Deliberate, thoughtful and well considered” is how Army Chief General M. M. Naravane has characterized the process of setting up integrated theatre commands. This process gathered steam after the appointment of Gen. Bipin Rawat as the first Chief of Defence Staff (CDS) on January 1, 2020, and the creation of the Department of Military Affairs (DMA) in the Ministry of Defence that he heads. In the GoI (Allocation of Business) Rules, 1961, one of DMA’s roles is stated to be the “facilitation of restructuring of Military Commands for optimal utilization of resources by bringing about jointness in operations, including through establishment of joint / theatre commands.” India’s resolve to finally create integrated theatre commands, hence, seems clear and decisive. However, akin to the long list of defence-related reforms that have been in the pipeline for years, these proactive measures, while a step in the right direction, do not do away with the layers of complex challenges that come in between policy aspiration and implementation.
Even amidst such complicated challenges, the military establishment seems to be making headway at a great pace. India’s military is reported to be reorganized into five theatre commands by 2022. These commands, namely the Northern Command- along the border with China, the Western Command- along the border with Pakistan, the Peninsular Command, the Air Defence Command, and the Maritime Command, would be headed by commanders of Lieutenant General and equivalent ranks who would have operational control, while the service Chiefs would be tasked with mobilizing resources to the theater commanders. Further, to avoid splitting the Air Force’s assets across different commands, they would be placed under the Air Defence Command which would be tasked with defending the Indian airspace.
Furthermore, with an integrated approach toward procurement, sans capital acquisitions, the requirements of the military as a whole would be able to be formulated. This in turn would ensure synergy among the tri-services, lead to systematic planning in the acquisition of resources, hopefully be the end of the piecemeal approach to purchases done by individual services on an urgent/emergency basis at higher prices, and lead to significant cuts in the cost of maintenance and management of assets. Examples that illustrate how the latter may be done are procurement of similar vehicles that would facilitate easier maintenance and spares management, and jointly contracting specialized equipment for the tri-services. Giving orders in bulk, preferably to the domestic defence production sector under Make in India, would not only result in the military getting a better rate for their purchases, but would also enable the growth and expansion of the domestic sector and allow them to make investments enhancing their capabilities and production quality with confidence.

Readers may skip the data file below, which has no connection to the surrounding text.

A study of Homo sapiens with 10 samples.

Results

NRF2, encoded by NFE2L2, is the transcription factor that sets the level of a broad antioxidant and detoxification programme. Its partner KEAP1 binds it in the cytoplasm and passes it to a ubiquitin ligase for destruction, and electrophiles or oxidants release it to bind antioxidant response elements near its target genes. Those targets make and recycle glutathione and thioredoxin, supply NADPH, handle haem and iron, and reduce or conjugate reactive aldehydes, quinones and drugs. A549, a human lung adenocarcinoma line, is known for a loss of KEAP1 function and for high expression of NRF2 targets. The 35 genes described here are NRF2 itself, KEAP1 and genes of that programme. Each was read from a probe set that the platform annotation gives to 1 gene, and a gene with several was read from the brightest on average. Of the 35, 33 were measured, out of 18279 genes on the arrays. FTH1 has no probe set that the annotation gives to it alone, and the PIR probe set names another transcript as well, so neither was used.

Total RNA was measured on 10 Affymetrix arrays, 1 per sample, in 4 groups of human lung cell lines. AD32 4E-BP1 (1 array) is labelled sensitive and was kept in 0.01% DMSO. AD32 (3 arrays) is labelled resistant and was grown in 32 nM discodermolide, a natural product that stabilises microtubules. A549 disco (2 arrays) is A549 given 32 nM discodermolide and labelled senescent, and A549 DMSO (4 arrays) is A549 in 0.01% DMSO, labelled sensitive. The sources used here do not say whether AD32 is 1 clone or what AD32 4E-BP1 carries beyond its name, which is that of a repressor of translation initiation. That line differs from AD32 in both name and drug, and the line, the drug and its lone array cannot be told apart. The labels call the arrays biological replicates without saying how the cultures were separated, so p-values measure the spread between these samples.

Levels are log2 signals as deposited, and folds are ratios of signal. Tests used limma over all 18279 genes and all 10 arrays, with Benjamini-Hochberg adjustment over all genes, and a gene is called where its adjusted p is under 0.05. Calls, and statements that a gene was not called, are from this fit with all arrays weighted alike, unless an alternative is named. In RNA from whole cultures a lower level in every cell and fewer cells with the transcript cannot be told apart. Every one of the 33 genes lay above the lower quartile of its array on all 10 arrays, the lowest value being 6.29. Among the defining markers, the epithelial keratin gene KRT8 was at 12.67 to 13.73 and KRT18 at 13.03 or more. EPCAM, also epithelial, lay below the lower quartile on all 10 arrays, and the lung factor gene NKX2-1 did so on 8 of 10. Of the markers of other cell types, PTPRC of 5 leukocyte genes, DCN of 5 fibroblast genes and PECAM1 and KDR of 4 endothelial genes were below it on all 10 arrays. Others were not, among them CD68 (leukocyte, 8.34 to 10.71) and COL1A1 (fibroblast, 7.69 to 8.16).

Coming to the strategic end, many of the economic benefits mentioned above would also directly contribute to realizing the strategic goals that the integrated theatre commands model hopes to achieve. As detailed before, these include more efficient utilization of resources, greater coordination among the services, and more accurate and coordinated logistics planning, among others. An example that perfectly sums up the advantages that the Indian military would gain is that of the Air Defence Command. Currently, all three branches of the military possess air defense assets such as missiles etc., even though the primary responsibility of air defense of the country currently lies with the Air Force. The Air Defence Command, hence, would assimilate all these assets under one roof and one command and control. This would ensure that if a situation arises in which swift action needs to be taken, then the same can be done without losing any time at the theater command level itself.
Indian defence reforms are moving apace and the idea of integrated theatre commands is one whose time seems to have finally come in India.
Professor Harsh V Pant is Director, Studies and Head of the Strategic Studies Programme at Observer Research Foundation. Javin Aryan is Research Intern at ORF. Views are personal.
The article originally appeared on the Observer Research Foundation website.
“Who will report to whom?”
In the recently concluded 2+2 dialogue the USA, Defence part, was represented by Secretary Mark Jesper.
Jesper, a thorough professional with a remarkable record – an infantry officer with the 101st Airborne (“Screaming Eagles”) who saw active service during Desert Storm and the Gulf War (awarded the Bronze Star); graduated in engineering from the Military Academy at West Point, New York; holds a master’s from Kennedy School at Harvard and a PhD from George Washington University; and was Secretary of the Army before taking over as Pentagon chief. Pentagon unlike our MOD is (wo)manned by a mix of soldiers and bureaucrats – as how a Defence Apex body should be.
India has seldom placed competent person at the head, Cabinet level, in Finance and Defence. Never ever in Defence. The answers or solutions are there for even a layman to see.. Only a gumption to act by the political dispensation of our democracy is required.
Within the Command the predominant a Service should take charge. Yes, some new regulations will be required to streamline the system here.